It all starts with the clay....

Without good clay you can't make a good pot.  The properties of the clay you use affect how the clay behaves in both the wet state for making and in the finished fired surface.  Because of this I make many of the clays I use in small batches, varying materials each time to further refine the characteristics I strive for.  This constant testing of materials and recipes has led me to several clay bodies I use regularly.  I have chosen these for their throwing properties, their ability to have attachments, their fired surface texture and above all their fired visual surface.


Most of the work I produce is thrown on the wheel.  I work in small batches of 6, 12 or 20 pieces at a time depending on their complexity.  This allows me to pay close attention to the form, how the lip or rim might feel in use, how the foot or bottom is finished and last but not least the texture of the surface I leave behind on the piece.  All of these contribute so much to how the finished piece will look and function.


I try to use as many local materials as I can in my glazes.  I feel this grounds my work in this place, in the area it was made.  My work is typically only glazed on the interior.  This allows the flame and ash of the kiln to move and melt over the exterior leaving their own marks and history on the pots.  It is for this part of the process that I do all the other work.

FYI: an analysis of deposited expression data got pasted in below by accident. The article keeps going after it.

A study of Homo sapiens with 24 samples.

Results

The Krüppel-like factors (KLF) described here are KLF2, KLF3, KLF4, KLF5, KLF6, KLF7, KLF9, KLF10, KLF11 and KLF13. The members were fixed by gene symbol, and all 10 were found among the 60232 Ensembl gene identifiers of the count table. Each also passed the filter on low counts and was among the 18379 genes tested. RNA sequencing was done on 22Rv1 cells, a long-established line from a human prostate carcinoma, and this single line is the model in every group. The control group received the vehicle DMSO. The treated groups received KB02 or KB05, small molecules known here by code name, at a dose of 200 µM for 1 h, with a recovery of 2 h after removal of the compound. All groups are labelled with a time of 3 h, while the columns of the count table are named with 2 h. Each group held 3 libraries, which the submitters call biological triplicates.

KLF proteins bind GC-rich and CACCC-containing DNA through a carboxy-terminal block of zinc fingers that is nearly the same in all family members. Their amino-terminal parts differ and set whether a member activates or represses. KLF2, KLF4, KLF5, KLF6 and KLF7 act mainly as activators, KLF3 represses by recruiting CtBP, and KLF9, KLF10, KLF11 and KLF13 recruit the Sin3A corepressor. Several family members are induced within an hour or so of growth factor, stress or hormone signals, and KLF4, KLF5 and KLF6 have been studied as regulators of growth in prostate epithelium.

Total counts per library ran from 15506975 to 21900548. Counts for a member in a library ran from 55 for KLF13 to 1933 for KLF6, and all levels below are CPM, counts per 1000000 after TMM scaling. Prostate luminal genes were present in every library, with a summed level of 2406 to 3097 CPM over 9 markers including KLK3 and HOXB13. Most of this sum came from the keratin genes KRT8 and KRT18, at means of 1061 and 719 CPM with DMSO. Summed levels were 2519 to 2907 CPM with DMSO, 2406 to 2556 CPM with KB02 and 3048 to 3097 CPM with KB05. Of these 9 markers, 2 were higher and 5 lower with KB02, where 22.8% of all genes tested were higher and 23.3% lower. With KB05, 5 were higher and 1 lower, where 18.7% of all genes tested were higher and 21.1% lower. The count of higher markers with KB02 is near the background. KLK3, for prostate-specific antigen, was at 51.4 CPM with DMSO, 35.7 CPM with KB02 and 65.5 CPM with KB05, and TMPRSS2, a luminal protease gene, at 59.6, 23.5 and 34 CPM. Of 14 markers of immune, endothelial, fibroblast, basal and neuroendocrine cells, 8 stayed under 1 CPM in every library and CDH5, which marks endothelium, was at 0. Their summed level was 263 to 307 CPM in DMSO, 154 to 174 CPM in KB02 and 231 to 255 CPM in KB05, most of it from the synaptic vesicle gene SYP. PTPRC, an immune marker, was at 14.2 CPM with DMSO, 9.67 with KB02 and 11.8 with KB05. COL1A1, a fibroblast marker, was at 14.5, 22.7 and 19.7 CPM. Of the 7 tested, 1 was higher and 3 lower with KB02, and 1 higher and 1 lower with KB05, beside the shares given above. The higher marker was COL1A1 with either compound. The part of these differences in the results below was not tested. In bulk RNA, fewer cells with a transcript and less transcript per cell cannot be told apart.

I choose to fire my work in a woodkiln.  This choice is three fold.  

Firing the work with wood is a labour of love over many hours.  It requires constant attention. This attention to the stoking, the flame path, the coal bed and the atmosphere in the kiln all contribute to the rich varied surface of my work.

Firing with wood is more environmentally sustainable than electricity, gas or oil. 

Woodfirings are a communal task.  I generally fire for between 40 and 48 hours.  This commitment of time is not easily done by ones self and so we generally come together as a group to fire.  This gathering of community allows for continued friendships, sharing of ideas and a time of reflection together on the work as it comes from the kiln.  This is a most valuable time together with honest discussions about our work.